FAQs

Below is a selection of frequently asked questions. If there is anything further you would like to ask us about please contact us directly.

At the first consultation, the osteopath will compile a full case history of your symptoms, as well as asking for information about your lifestyle and diet. The osteopath may also observe you making some simple movements to help them make a diagnosis. You will usually be asked to remove some clothing near the area of the body to be examined.

Osteopaths are trained to examine areas of the body using a highly-developed sense of touch, known as palpation, to determine conditions and identify the body’s points of weakness or excessive strain. Osteopathy is a ‘package’ of care that includes skilled mobilising and manipulative techniques, reinforced by guidance on diet and exercise.

The osteopath will discuss with you the most appropriate treatment plan, estimating the likely number of sessions needed to treat your condition effectively. If the osteopath thinks that your condition is unlikely to respond to osteopathic treatment, you will be advised about how to seek further care. Osteopaths are skilled in diagnostic techniques and trained to identify when a patient needs to be referred to a GP.

Osteopaths’ patients include the young, older people, manual workers, office professionals, pregnant women, children and sports people. Patients seek treatment for a wide variety of conditions, including back pain, repetitive strain injury, changes to posture in pregnancy, postural problems caused by driving or work strain, the pain of arthritis and sports injuries. Osteopathy focuses on the diagnosis, management, treatment and prevention of musculoskeletal and other related disorders without the use of drugs or surgery.

Common problems osteopaths treat include:
• Back and neck pain
• Muscle tension and pain
• Disc injuries
• Sciatica
• Sports injuries
• Post traumatic injuries including whiplash
• Shoulder conditions including rotator cuff syndrome
• Arthritic pain and joint stiffness
• Treatment and rehabilitation after minor injuries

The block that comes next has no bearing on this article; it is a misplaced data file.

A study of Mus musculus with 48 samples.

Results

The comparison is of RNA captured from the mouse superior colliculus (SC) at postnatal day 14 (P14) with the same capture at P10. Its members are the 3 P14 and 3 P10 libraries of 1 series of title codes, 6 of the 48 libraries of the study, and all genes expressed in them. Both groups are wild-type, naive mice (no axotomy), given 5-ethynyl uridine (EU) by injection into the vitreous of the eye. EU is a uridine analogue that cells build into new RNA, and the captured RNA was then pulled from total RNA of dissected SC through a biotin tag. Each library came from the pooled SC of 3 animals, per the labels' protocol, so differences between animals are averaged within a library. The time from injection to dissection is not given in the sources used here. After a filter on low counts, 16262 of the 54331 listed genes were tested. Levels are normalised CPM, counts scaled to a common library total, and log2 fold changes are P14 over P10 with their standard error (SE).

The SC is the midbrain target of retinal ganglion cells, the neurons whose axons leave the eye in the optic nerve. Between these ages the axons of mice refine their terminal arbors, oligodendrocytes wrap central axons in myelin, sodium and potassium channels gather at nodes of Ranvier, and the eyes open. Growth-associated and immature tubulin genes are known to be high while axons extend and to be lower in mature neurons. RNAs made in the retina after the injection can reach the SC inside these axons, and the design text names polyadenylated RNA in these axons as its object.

• Postural and tension headaches

All osteopaths in the UK are regulated by the General Osteopathic Council (GOsC). It is against the law for anyone to call themselves an osteopath unless they are registered with the GOsC, which sets and promotes high standards of competency, conduct and safety.

All osteopaths must be registered with the General Osteopathic Council.

Most patients ‘self refer’ to an osteopath for treatment. Although referral by a GP is not necessary, patients are encouraged to keep both their GP and osteopath fully informed, so that their medical records are current and complete and the patient receives the best possible care from both healthcare practitioners.

Yes, there is free parking outside the clinic.

8am- 7pm Monday to Friday. Saturday 8am- 12noon

Park Avenue South Clinic: Highgate (Northern line) or Finsbury Park (Victoria/ Piccadilly Line)

Hornsey (Overground)

No, there is partial access with some steps leading up to the clinic.

As with any medical examination, you will probably be asked to undress to your underwear, so please wear something you are comfortable in.

Yes – if you wish, you can have someone present throughout your consultation and treatment

Yes, we now accept Debit cards, cash or cheque. (exluding American Express)

We are covered by several insurance companies but it is always best to check with your provider first as there are differences in insurance policies.